Anthony Flint is a fellow at the Lincoln Institute of Land Policy, a think tank in Cambridge, Massachusetts. He is the author of Modern Man: The Life of Le Corbusier, Architect of Tomorrow and Wrestling with Moses: How Jane Jacobs Took On New York's Master Builder and Transformed the American City.
The city is showing off a prototype for “pop-up” affordable housing—and easing rules on accessory dwelling units.
Last week, a prototype of a simple, 360-square-foot dwelling called the Plugin House appeared outside Boston City Hall. The crisp white box, unfurnished but with portals for plumbing and electricity ready to go, took about 5 hours for a five-person team to assemble. It’s the brainchild of James Shen, who is in Boston this year from China as a Loeb Fellow at Harvard University’s Graduate School of Design, and it represents something significant: In a city where everything from roof decks to chicken coops is strictly regulated, Boston is encouraging residents to build little houses in their backyards.
Chalk it up to the severe lack of affordable housing in Boston, which has forced city leaders to get a little creative. “This is the start of the conversation,” said Marcy Ostberg, director of the Mayor's Housing Innovation Lab. “It’s a question we’re asking residents—what do you think about building in your backyard?”
So far, Bostonians checking out the tiny house—sleek and minimalist, and cozy in the shadow of the urban-renewal-era Brutalist structure that serves as local government headquarters—seem open to the idea. All kinds of people could use such housing in Boston, from kids out of college to seniors who would like to age in place.
Indeed, tiny houses, micro-apartments, and right-sized studios have been gaining in popularity in cities across the country. The Plugin House, like the “Katrina Cottage” that helped kick off the tiny house movement in the last decade, keeps things simple: easy and inexpensive to build, for as little as $50,000.
Yet there is one small problem: It is technically illegal to build a Plugin House in a backyard in Boston. It would be considered an accessory dwelling unit, or ADU, which property owners can have only by going through an arduous variance process. In Boston, ADUs have historically been frowned upon, sort of like Yankee fans.
But city officials are well aware of how many other communities have been pushing in the opposite direction—making it easier to have ADUs and granting amnesty to code-violating carriage houses and “granny flats.”
So concurrent with showing off the tiny house, Boston has also started to reform its dated rules. In November, the city began an 18-month Additional Dwelling Units Pilot, which allows homeowners in the neighborhoods of East Boston, Jamaica Plain, and Mattapan to create affordable housing in basements, attics, or a room or rooms carved out of the existing building envelope.
That might be a tiny step compared to places like Durango, Colorado, which has famously overhauled once-restrictive ADU rules, or Los Angeles, which is encouraging guest houses in backyards as a possible solution for its housing (and homelessness) crisis. In Portland, Oregon, the city “has set about creating the most ADU-friendly policies in the country,” CityLab’s Laura Bliss recently wrote.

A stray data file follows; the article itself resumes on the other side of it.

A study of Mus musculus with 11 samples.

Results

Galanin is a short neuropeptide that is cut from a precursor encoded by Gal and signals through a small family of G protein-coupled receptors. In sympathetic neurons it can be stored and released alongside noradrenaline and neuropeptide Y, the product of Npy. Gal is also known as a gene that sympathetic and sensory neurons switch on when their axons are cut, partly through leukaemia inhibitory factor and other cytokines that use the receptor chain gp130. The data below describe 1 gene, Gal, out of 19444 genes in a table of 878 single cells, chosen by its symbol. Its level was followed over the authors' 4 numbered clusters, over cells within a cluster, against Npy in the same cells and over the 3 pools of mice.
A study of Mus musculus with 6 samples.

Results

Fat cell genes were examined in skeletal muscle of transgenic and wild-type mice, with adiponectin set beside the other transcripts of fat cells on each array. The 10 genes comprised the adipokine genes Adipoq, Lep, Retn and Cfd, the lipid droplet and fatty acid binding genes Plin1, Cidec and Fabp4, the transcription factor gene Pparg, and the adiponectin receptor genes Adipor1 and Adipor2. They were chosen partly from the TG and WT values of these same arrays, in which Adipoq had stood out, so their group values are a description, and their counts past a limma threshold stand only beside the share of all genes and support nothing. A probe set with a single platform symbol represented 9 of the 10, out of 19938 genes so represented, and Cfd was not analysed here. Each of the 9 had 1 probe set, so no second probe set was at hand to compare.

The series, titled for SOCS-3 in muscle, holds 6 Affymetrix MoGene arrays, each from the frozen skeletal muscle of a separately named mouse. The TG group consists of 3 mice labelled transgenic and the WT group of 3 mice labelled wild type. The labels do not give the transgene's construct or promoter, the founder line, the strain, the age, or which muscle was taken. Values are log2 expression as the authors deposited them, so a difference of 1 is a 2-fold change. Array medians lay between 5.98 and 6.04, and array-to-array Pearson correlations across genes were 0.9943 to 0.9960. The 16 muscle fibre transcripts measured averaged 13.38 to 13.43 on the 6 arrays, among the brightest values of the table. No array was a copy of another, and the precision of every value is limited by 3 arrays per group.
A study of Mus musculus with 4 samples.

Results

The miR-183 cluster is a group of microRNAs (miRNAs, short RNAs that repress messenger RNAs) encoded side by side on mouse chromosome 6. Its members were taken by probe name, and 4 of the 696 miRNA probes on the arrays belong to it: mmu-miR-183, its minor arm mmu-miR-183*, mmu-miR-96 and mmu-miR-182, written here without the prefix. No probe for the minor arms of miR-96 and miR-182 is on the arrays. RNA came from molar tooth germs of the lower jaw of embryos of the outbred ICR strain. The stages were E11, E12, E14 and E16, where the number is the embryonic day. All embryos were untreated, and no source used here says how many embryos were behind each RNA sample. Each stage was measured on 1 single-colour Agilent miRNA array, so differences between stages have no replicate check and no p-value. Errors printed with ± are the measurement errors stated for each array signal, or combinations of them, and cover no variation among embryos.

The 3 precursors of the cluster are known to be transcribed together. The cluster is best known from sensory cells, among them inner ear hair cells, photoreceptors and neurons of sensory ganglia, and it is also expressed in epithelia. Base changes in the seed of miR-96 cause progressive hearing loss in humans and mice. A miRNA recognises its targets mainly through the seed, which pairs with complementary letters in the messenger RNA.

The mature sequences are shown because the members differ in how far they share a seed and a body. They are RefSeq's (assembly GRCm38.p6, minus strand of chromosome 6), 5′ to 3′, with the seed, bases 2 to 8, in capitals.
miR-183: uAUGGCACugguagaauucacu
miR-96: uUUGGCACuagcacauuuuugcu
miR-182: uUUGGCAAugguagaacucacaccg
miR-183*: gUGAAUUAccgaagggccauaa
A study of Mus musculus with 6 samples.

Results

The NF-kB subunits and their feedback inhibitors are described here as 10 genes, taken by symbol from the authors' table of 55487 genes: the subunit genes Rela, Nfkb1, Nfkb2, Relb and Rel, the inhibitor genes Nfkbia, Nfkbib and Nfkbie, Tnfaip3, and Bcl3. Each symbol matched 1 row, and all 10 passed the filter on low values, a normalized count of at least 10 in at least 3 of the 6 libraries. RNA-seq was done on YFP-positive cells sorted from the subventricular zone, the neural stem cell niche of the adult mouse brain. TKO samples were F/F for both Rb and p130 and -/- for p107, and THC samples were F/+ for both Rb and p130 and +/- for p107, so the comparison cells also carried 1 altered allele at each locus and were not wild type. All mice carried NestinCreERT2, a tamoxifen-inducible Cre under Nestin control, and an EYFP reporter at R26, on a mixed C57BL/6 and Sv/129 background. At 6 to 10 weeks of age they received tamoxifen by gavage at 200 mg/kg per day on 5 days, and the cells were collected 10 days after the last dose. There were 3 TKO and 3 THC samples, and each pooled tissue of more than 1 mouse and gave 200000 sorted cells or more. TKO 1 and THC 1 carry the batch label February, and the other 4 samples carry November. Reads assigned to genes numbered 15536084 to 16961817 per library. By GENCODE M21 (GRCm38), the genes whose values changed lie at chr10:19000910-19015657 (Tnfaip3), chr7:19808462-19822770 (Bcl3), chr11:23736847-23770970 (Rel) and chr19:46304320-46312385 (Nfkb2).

But, in Boston, it’s a start. The ultimate goal is to increase supply and diversify the housing stock beyond the costly brownstone or luxury condo. Building in backyards, infill-style, also addresses the linchpin for affordable housing—the more efficient use of the land the homes sit on. “Land is one of the critical components in housing affordability,” says Ostberg. “We’re trying to think creatively about how to use our existing land most effectively.”
Encouraging accessory dwelling units fits in with a “silver buckshot” approach to addressing housing affordability: Instead of a single fix, an array of policies—such as inclusionary zoning requirements, shared equity housing, and community land trusts—should be thrown at the problem.
Shen’s instant-house design springs from a project called the Courtyard House Plugin, which he created for Beijing’s central historic district. The prefabricated building system he developed uses a collection of insulated panels that fit together like pieces of a puzzle.
The Plugin House is bolted together with simple hand tools and requires no skilled construction labor. There is no traditional framing, so less material is needed to begin with; the panelized system also allows the building to be added to or subtracted incrementally. The panels are made of insulation many times as efficient as typical batt insulation, saving on heating and cooling in the long term, Shen says.
Shen, who filled out an online form to meet with Ostberg when he knew he would be spending the year at Harvard, has been meeting with city officials from the fire chief to Inspectional Services, and getting great feedback. An estimated 1,500 people toured the house since it sprouted on City Hall Plaza. Hundreds of people checked it out as well at Harvard Yard, where Shen and his team assembled the prototype across from Widener Library.
He was cheered by all the people watching the house go up in busy downtown Boston. Across from the Plugin House at City Hall Plaza, other workers were also putting the finishing touches on a new area called the Patios, which included a creamery, mini-golf, and a beer garden.
The pop-up approach for such programming, symbolized by the now-common food truck, is well-established. It was surely satisfying to see that affordable housing could pop up just as readily.